Or, maybe we could call this post “Waiting for epoxy to cure, episode 496.”
Let’s prep the rub rails while that last coat of epoxy is curing. They’re easy. These will go on the outside of the hull just below the edge of the deck, and are intended to take the abuse of banging into docks, other boats, and such. They’re skimpy little things 1/4 inch by 3/4 inch, ash, scarfed lengthwise to a bit longer than needed. … and still longer than my wonderfully long, but still too short, bench. Preparation of these parts includes three operations. I taper the height of the rail for about 18 inches toward each end. Shortening the height by about 1/8 inch at the ends, shaved from the bottom edge, subtly accentuates the curve of the sheer.
Next, the edges are chamfered. One could use a dedicated chamfer plane for this, but I decided to use the money for 438 Milky Way bars instead. My method of chamfering these long pieces uses a collection of little 45 degree blocks, adhered with my favorite temporary adhesive, and propped up against a row of dogs. They laughed when I made a dog for every dog hole in my bench. A few block plane passes, flip the other way, and a few more block plane passes, and we’re done chamfering. Lastly, a 1/16 inch hole every 4 inches sets these up for nailing to the boat. I’ll set them aside now and attach them later.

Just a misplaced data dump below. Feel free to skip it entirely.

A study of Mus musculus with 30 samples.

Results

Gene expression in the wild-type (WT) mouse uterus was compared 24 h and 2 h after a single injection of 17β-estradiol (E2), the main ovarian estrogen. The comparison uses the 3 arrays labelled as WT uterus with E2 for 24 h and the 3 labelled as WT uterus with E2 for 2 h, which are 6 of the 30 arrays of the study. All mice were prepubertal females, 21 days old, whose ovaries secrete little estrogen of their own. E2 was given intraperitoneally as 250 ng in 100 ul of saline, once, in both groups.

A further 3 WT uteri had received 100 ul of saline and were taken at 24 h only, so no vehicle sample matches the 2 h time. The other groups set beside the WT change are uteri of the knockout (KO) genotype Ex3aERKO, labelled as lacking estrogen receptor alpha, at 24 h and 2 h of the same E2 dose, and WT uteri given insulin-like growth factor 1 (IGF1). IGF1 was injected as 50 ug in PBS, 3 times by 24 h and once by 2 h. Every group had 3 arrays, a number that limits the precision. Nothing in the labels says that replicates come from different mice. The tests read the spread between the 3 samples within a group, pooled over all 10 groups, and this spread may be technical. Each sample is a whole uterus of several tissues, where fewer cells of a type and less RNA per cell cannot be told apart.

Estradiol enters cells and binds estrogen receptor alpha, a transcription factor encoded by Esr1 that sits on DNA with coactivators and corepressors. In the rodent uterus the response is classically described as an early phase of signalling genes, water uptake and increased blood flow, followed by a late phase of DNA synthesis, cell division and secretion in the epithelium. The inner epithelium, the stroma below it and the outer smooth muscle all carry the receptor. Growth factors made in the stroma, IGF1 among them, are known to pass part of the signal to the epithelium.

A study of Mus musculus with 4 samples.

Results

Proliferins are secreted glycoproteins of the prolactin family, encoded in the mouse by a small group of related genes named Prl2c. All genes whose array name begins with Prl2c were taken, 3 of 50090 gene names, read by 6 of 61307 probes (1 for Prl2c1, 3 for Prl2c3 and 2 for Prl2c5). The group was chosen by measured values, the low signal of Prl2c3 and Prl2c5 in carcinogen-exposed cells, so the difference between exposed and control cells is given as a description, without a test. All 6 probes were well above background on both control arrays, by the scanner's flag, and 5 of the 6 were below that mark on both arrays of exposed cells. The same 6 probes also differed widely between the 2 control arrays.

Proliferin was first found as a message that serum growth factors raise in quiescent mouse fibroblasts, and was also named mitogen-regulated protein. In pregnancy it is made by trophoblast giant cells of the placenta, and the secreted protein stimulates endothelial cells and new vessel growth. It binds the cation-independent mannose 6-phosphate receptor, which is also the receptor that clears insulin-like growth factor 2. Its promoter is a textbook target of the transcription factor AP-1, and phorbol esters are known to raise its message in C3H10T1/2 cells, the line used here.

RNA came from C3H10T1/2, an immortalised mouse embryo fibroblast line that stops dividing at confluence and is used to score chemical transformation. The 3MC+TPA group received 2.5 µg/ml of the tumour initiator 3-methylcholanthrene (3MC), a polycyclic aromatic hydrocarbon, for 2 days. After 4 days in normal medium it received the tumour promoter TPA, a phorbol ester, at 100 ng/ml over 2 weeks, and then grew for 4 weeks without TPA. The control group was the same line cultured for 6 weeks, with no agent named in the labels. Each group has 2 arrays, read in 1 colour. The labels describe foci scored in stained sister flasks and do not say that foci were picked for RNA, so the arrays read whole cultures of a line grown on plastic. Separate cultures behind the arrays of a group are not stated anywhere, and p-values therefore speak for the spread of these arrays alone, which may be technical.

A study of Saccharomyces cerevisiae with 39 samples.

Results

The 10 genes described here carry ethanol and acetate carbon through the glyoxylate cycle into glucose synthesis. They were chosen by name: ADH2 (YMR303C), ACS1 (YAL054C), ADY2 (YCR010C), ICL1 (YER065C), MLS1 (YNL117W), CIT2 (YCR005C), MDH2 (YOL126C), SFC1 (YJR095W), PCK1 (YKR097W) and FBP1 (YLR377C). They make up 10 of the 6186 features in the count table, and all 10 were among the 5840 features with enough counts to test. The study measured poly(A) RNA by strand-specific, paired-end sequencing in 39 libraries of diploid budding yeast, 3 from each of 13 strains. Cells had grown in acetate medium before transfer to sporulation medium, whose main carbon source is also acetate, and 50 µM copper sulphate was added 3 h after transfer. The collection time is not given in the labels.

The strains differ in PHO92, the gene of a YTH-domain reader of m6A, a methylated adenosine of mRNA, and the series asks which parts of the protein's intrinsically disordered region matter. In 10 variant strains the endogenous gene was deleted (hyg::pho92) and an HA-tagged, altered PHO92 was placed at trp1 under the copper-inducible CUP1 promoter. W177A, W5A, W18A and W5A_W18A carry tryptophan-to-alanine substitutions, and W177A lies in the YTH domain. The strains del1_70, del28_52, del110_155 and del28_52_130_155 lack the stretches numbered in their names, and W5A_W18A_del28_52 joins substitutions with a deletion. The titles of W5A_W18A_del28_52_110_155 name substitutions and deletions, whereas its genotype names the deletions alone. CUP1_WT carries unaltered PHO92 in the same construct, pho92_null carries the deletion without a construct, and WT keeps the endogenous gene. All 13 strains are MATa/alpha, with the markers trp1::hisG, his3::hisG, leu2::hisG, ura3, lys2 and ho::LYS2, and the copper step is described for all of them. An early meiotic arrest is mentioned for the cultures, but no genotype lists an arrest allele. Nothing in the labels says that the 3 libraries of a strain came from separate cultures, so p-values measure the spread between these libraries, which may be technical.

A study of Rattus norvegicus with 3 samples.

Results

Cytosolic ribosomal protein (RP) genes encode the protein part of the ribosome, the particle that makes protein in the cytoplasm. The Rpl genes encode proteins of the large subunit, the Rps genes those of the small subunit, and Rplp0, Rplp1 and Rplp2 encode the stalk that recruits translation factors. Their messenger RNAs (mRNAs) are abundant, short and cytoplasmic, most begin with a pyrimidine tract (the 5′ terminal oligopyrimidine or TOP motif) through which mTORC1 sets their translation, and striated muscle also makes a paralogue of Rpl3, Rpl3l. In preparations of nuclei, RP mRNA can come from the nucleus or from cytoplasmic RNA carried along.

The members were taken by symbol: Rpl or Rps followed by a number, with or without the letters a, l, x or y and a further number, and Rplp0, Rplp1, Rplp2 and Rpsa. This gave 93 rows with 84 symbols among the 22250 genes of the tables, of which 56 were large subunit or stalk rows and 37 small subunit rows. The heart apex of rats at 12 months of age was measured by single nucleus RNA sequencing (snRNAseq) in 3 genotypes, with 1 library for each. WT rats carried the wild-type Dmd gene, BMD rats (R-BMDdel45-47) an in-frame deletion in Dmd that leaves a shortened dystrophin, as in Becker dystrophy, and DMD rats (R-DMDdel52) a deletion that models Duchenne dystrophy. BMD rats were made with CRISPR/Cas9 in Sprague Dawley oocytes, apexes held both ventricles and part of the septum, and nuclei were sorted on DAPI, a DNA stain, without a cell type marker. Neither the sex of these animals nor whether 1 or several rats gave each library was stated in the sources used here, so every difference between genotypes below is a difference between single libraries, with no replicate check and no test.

Next day, that epoxy is cured enough to work around. So, let’s fit out the coaming. It is mostly 6mm plywood which gets attached to the carlins around the cockpit opening. The raw edges on the front are covered with a nose block. Mine is a bit different than the one pictured in the builder’s manual, and of course I like mine with its arrowhead base, better. This is really fussy work. Everything is either curved or angled. The block and arrowhead are built up from small bits of mahogany (Never throw anything away). Here again, this prep work gets done to a certain stage, pieces get marked with “p” or “s,” and then set aside.
Next … why one needs 438 Milky Way bars.